Memories: Cooking from Scratch

by Sandra Lee Smith

For the younger generation who might not recognize the expression, “cooking from scratch” meant putting together meals without resorting to boxed mixes, frozen dinners or other “convenience” foods.

If you grew up on a farm, most likely everything your mother cooked was “from scratch” where mom might go out to the garden to pick the vegetables or herbs she would prepare for dinner - while the chicken that went into the oven might have come from the hen house where mom would go out and kill--then pluck--one for dinner (no doubt one that stopped laying eggs).

While my mother cooked mostly from scratch--our meat did come from a grocery store (we were city folk). I think the advent of convenience foods was almost imperceptible. First, I remember, were the cake mixes--wow! All you had to do was add a few ingredients. I was about 8 or 9 at the time. Around the same time (1948) along came Reddi-Wip™, whipped cream in an aerosol can. We just loved that.

My brother was working after school for a food distributor and would bring home the cans of biscuits with expired dates (which would sometimes explode when you tried to open them). But they were novel so we baked them or made “homemade” doughnuts.

He also brought home a cookie mix--all you had to do was add water. I had the good fortune to have a mother who turned me loose in the kitchen so these things provided tools for experimenting.

I don’t remember my grandmother, however, ever resorting to a box cake mix or making anything that wasn’t made from scratch. Grandma even made filo dough (for strudels) and 14-layered Dobos tortes from scratch - and noodles! She made noodles that would dry on the backs of the kitchen chairs.

My grandparents butchered a hog once a year and it was a “family affair” that involved all the adults in the family. Making applesauce from apples that grew in Grandma’s backyard was also a family affair. (Now, years later--I make my own applesauce, too, from apples that grow on a tree in my back yard. But while Grandpa made wine with his grapes, ours are converted into juice and jelly.

All you have to do is read some cookbooks published in the 1940s (or earlier) and then compare them with cookbooks published after the 1950s when mixes or convenience foods of a wide variety began to appear in supermarkets.

There was a time when not everything started with a can of condensed soup! Just to what degree has “scratch cooking” disappeared from our culinary landscape?

Homemade pancakes or waffles - or frozen ones?

Homemade brownies - or from a mix?

Homegrown herbs - or from a supermarket spice rack?

Homemade bread - or store-bought?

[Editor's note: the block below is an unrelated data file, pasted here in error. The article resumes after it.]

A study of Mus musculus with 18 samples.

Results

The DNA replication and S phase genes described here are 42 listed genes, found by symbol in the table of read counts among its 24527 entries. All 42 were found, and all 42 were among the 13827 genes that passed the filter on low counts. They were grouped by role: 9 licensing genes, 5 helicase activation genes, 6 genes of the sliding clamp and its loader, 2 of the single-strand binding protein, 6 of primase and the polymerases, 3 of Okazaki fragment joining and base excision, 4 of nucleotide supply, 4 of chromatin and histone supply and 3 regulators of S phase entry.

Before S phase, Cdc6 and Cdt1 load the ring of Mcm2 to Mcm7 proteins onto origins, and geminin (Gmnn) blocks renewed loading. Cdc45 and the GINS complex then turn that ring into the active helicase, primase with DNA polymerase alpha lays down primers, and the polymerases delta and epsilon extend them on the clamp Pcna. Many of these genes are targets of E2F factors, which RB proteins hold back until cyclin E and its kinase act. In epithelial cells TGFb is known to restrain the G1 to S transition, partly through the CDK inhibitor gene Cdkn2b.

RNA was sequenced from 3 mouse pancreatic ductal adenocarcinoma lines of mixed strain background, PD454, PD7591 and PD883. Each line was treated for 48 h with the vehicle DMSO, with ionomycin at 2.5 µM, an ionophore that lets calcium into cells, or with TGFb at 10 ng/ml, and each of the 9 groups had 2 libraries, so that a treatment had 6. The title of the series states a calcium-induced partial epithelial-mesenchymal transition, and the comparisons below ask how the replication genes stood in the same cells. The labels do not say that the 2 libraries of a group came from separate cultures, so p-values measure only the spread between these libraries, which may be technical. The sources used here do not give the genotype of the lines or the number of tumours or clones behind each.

Your own concoction or ground beef and noodles-- or Hamburger Helper™?

Your own homemade macaroni & cheese - or something out of a box?

Freshly squeezed orange juice or something from a can or carton?

The upside of all the prepackaged convenience foods is that it has eased the work of who ever cooks dinner--after, no doubt, working in an office all day. But the downside is - so many people haven’t a clue how to cook from scratch-or how easy it is to make a sauce, add cheese to it and voila! - fresh cheese sauce to mix with cooked macaroni.

This was brought home to me one day when my younger sister called and said “I want to make taco meat for dinner, but I don’t have any taco seasoning mix”.

“Do you have chili powder?” I asked, “flour? Cumin? Dried oregano? Garlic powder? Salt? Cayenne pepper? You can make your own..”

She says she hasn’t bought seasoning mix in the store since. The question isn’t whether or not you need to cook from scratch - but rather, if you can. That, if you are out of the seasoned bread crumbs that come in a can - you would know how to make your own out of some bread and a few herbs in the blender.

I do a lot of canning (tomatoes, tomato juice, grape juice and apple sauce, my own jellies, jams, chutneys and pickles, and sour kraut) - because so much of the fruit and vegetables are available to us. Recently, my Oregon penpal brought us 30 lbs of unshelled walnuts. I couldn’t rest until all of the nuts were shelled and in plastic freezer bags.

I made almost everything “from scratch” when my four sons were growing up because it was more economical and we were poorer than church mice almost always. We raised chickens for a time, and what a thrill to go into the hen house and collect some fresh eggs to cook or bake with!

I still make homemade cookies - because we like them much more. I don’t like the taste of instant potatoes and it only takes a few minutes to peel a few to make my own mashed potatoes. But I do keep a pantry well stocked with a wide variety of canned foods and packaged mixes--in the event of an earthquake, you have to be prepared to eat out of cans for a few days. Most of the women I know (myself included) are quasi-scratch cooks--some things from scratch, some perhaps starting with a mix.

Finally, Earl Wilson, who wrote, “You can say this for ready-mixes--the next generation isn’t going to have any trouble making pies exactly like mother used to make.”